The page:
This Huffington Post Article has a somewhat entertaining video and some surprising insights into early childhood brain development.
Parents, save the money you've been spending on products that won't make your baby one iota smarter!
DADS!!! Get off your backsides and clean more! I know you're going to say, "I clean plenty! We share the chores 50/50!" But all the research says you are grossly over-estimating your contribution. The average distribution of household work is about 70/30. I'm sorry, but the Lake Wobegon ("Where all the women are strong, all the men are good-looking, and all the children are above average.") effect won't save you here! Remember, that average includes people like me: a stay-at-home-dad who does all the laundry, all the grocery shopping, all the cleaning, and has changed every poopy diaper for 2 1/2 years ('cept for one when Vivian was tiny and I was away).
One that gets me is that we should be talking to our very young children in baby-ese. This is easy for Michelle, who almost naturally goes up an octave and gets this adorable lilt in her voice whenever she sees Vivian. For me, I feel like a baritone singing first tenor whenever I try it. I have to keep warm water on hand to keep from getting hoarse.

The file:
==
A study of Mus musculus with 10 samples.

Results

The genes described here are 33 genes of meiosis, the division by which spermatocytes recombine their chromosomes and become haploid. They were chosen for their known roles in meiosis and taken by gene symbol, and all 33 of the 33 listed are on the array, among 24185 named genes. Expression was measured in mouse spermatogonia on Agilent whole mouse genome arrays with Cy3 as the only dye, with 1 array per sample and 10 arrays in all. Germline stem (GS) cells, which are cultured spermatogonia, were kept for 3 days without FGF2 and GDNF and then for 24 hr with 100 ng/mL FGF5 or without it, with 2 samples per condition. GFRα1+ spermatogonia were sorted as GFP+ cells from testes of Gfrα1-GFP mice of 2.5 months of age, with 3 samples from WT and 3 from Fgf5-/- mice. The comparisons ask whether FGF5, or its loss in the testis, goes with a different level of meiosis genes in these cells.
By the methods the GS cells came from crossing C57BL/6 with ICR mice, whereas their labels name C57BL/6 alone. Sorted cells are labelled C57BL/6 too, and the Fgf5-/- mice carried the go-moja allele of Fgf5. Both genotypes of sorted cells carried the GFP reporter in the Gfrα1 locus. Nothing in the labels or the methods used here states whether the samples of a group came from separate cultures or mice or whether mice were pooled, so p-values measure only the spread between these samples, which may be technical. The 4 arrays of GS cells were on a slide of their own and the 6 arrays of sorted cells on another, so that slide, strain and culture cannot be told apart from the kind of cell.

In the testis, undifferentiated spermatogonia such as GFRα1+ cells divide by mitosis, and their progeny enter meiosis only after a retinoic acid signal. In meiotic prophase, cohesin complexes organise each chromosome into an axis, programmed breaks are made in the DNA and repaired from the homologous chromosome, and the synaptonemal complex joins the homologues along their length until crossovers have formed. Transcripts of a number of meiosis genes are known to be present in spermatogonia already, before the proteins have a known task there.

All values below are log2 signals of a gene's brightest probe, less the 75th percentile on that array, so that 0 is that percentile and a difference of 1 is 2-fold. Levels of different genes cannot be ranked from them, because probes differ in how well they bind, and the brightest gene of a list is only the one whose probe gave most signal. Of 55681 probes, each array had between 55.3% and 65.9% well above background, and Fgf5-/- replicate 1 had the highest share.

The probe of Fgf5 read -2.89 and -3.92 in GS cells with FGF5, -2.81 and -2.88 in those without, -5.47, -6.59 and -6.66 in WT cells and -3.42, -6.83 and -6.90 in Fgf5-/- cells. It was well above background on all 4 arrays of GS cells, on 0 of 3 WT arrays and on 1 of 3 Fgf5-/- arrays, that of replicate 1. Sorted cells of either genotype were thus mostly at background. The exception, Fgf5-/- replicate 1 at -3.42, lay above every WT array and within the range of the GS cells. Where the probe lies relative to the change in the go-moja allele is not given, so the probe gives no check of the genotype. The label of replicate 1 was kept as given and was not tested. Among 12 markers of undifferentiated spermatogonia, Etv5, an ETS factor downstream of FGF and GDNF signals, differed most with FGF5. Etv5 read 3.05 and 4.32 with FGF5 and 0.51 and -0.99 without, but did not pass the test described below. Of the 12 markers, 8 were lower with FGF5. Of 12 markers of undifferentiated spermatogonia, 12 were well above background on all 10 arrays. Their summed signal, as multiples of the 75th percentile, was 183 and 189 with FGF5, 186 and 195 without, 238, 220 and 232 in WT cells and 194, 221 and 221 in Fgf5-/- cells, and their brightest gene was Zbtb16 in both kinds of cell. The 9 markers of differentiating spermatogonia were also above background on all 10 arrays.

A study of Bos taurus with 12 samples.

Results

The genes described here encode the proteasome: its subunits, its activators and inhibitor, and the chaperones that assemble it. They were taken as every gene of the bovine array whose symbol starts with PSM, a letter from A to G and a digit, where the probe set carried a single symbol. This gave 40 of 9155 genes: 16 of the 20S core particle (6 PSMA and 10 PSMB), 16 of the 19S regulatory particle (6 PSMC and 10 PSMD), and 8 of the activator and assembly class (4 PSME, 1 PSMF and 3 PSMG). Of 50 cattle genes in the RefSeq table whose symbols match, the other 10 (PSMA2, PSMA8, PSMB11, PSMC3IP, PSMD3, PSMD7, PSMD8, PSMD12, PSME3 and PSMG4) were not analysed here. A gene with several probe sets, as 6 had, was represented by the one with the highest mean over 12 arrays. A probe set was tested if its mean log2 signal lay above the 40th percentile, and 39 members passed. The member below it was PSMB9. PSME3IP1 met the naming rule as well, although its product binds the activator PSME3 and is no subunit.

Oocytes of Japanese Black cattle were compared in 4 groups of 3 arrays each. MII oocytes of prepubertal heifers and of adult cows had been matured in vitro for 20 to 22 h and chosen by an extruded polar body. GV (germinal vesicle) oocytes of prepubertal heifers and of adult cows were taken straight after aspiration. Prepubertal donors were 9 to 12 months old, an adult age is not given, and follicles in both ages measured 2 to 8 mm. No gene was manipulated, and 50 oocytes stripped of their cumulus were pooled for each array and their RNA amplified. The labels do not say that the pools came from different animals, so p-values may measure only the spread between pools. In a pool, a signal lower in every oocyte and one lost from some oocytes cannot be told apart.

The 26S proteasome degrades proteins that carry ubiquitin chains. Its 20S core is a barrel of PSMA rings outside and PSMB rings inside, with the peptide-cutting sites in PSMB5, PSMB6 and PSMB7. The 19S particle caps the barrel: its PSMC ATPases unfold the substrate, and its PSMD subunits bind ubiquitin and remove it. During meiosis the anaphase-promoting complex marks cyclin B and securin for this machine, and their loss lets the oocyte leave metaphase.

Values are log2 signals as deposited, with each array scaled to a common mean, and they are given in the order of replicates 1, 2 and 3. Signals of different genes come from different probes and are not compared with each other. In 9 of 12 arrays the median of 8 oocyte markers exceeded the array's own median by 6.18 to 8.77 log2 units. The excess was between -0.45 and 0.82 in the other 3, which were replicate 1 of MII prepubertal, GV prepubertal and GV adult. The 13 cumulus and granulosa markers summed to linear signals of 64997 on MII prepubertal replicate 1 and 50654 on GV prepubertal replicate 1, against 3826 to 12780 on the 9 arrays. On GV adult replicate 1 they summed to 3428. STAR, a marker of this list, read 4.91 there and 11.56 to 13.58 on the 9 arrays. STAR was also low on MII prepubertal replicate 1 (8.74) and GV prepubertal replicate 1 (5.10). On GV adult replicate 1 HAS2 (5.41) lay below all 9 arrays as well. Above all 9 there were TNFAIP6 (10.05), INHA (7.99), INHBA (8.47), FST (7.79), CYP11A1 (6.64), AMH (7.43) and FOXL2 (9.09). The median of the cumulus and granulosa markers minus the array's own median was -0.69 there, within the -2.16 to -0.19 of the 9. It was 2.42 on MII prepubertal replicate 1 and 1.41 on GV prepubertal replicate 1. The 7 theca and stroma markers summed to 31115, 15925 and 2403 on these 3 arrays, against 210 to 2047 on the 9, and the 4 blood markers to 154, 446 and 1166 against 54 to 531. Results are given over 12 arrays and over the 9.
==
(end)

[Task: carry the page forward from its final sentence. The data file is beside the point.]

I was surprised by the notion that praising your children for being smart is a bad idea. He makes sense though. You have to watch almost the entire video before you learn about it.
Empathy. What a concept. I've already been trying to train myself to empathize with Vivian when she's upset about something and gearing up for a tantrum. It works pretty well, actually. I just have to train myself to think before I grab. She doesn't understand why running around with an open Sharpie freaks me out. She thinks it's all in good fun, and when I grab the Sharpie from her, she is confused and angry. Unfortunately, at this stage she tends to run from me whenever I call her, so I'm sorta stuck. I usually end up causing a tantrum and then trying to empathize with my toddler who, in her mind, I have just wronged. Ugh. Any advice?
All in all, I'm impressed with the advice this guy is spouting, especially since he is basing it on good scientific research. I like science. It forces us to confront our own irrational behaviors with the light of facts and reason. I'll probably end up buying the book, or at least visiting his web site once in a while.